Minnesota’s decline: Why Minnesota may lose a congressional seat in 2020

As we await the end of the legislative session, Minnesota’s population numbers and growth are in the news, driven by a preliminary report from the Metropolitan Council that estimates current population for the Metro.  The report, required by state statute, will set LGA funding for the Metro.

As reported in the Pioneer Press: “Growth in the urban cores of Minneapolis and St. Paul continue to spur the region’s population gains, according to a new report by the Metropolitan Council…The preliminary report, released Tuesday, says the seven-county metro area grew by 191,628 residents between 2010 and 2016. Both St. Paul and Minneapolis saw significant gains: St. Paul’s population grew to 304,442 in 2016… Minneapolis’ population hit 419,952 in 2016.”

I checked in with the state demographer’s office (because I do not trust the Met Council’s methodology or integrity) and confirmed that there has been a notable uptick in the number of residents in the two core cities. Where are people coming from?

Out of the 5.49 million people in the state, about half a million (457,200 as of 2015) were born outside of the United States. The news reports I read did not mention that the only net positive growth as a state is from foreign-born residents.

Or that people from Minnesota are leaving, and people from the U.S. are not moving here, in sufficient numbers to help Minnesota grow.

We recommend reporters visit the State Demographer’s website where one can find detailed reports on just how Minnesota is growing—and how Minnesota is declining, demographically speaking.

A short report called “Ada to Zumbrota”  underlines the state’s demographic trends that may cost the state a Congressional district following the 2020 Census. One conclusion from the report: “As deaths are predicted to outnumber births in 2040, migration in Minnesota is going to become increasingly important if Minnesota is to continue growing.”

Here are some highlights and a new graph for you to consider:

While both the U.S.-born population and foreign-born population have grown since 1970, the foreign-born population has swelled more quickly…Minnesota had about 113,000 foreign-born residents in 1990, but that number had more than quadrupled to about 457,200 residents by 2015.

Some of that growth is from refugees settled her by the State Department: the Minnesota Department of Health reports that between 2010 and 2016, Minnesota welcomed about 16,571 refugees. (The Department of Human Services puts the number at 15,808). Since 1979, the State Department has placed approximately 105,000 refugees in Minnesota. (Minnesota is also a favored destination for “secondary” refugees, people who are settled by the State Department in another state but move to Minnesota. Secondary migrants are not in the official count of refugees; we are working on getting those numbers.)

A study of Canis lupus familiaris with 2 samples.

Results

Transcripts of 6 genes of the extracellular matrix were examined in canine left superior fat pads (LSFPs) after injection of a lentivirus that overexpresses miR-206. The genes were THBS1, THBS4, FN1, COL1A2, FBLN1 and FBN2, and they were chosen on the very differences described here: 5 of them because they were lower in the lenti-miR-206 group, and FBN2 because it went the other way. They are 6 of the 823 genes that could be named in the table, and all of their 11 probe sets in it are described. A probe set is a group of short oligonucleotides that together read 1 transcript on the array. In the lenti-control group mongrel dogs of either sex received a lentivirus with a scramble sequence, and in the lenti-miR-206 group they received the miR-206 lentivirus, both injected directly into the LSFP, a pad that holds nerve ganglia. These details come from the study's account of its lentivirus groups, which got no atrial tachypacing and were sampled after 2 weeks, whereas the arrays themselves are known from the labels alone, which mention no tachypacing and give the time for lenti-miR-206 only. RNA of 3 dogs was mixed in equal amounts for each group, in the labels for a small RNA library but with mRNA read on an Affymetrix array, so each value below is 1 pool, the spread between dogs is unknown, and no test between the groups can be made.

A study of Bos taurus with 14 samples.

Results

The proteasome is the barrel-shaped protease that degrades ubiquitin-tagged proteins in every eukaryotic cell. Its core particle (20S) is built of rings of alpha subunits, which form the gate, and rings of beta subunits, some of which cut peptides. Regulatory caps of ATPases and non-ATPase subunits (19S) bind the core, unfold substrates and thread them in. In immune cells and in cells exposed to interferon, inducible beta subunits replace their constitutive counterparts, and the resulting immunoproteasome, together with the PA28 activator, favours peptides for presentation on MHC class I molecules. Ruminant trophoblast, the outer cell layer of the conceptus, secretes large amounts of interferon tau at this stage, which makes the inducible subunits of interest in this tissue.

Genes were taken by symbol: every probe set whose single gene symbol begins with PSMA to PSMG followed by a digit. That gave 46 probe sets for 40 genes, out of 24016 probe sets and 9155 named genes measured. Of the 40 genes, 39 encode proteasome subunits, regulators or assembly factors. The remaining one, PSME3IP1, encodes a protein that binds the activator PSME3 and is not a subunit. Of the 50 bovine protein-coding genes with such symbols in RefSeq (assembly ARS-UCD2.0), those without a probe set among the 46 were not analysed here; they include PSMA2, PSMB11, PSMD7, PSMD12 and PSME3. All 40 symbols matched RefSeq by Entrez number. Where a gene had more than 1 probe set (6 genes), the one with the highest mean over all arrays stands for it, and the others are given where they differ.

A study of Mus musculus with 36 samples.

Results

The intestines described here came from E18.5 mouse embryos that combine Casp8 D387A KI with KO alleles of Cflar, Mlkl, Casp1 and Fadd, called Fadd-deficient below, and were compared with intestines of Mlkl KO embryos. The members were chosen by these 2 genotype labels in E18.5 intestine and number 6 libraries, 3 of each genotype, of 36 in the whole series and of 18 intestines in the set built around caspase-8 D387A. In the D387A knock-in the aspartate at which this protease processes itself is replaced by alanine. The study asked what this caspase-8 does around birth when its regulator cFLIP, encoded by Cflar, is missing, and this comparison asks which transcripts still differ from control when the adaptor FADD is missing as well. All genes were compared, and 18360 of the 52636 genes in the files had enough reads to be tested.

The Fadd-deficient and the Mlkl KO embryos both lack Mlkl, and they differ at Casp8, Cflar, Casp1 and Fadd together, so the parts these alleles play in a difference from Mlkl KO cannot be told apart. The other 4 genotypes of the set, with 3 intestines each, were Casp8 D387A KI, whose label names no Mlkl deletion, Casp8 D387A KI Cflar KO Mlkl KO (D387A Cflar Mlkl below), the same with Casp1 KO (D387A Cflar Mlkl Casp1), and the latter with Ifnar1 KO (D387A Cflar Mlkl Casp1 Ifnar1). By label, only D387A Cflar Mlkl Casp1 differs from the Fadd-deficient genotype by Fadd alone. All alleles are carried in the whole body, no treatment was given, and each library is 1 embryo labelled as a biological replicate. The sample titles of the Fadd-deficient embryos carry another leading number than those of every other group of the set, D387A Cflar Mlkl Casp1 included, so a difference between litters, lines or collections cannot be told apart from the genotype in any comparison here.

Back to the report:

In terms of percentage change, natural increase (births minus deaths) has historically been slower in Minnesota than the U.S. average. However, Minnesota’s foreign-born percentage change began far outpacing national trends between 1985 and 1995 and continues to do so (in part because our number of immigrants are a small fraction of all those in the nation).

The net change for Minnesota’s foreign-born population between 1990 and 2000 alone was 13% annually. By comparison, population growth due to natural increase in Minnesota was less than 1% annually during those same years. (see Figure 2).


Since 2002, Minnesota has maintained consistent annual domestic out-migration – that is, more people moving out of Minnesota to other states than people moving into Minnesota from other states. The most recent year of data, 2015, shows that Minnesota had about 13,700 (net) international migrants and about -1,800 (net) domestic migrants. In sum, our international arrivals rescued us from experiencing negative overall migration, resulting in a total (net) migration of about 11,900 arrivals in 2015. (bolding added)

With deaths projected to outnumber births in 2040, international migration is going to continue to be crucial for population growth in Minnesota. Our state’s domestic migration has been steadily negative since 2002, a concerning trend that we must work to reverse. New neighbors from other countries (and states, if we can turn the tide on domestic migration), will be especially needed to fill jobs and keep our communities vital in the decades ahead.  (bolding added)

State trends do not tell us what demographic is driving the growth in the Metro area but it seems reasonable to assume that many foreign-born residents, especially refugees, are making their home in the Metro area at least initially (before perhaps finding housing and hopefully work elsewhere in the state).

What do these trends tell us about our state?

It is no surprise that Minnesota is attractive to immigrants and refugees. Who would not want to live here (no jokes about the weather, please).

But why is Minnesota so unattractive to its own population—or to people from around the U.S.?

The answer is simple: state and local policies are hostile to good jobs and economic growth. Liberal social policies are also obnoxious to most Minnesotans; we are a very tolerant and generous people but the liberal elite goes too far, driving people with better options away.

Here we are, waiting for the outcome of the legislative session. What message will our leaders send when the Governor and legislators go home?

We have three years to turn this around before the 2020 Census. Time is of the essence.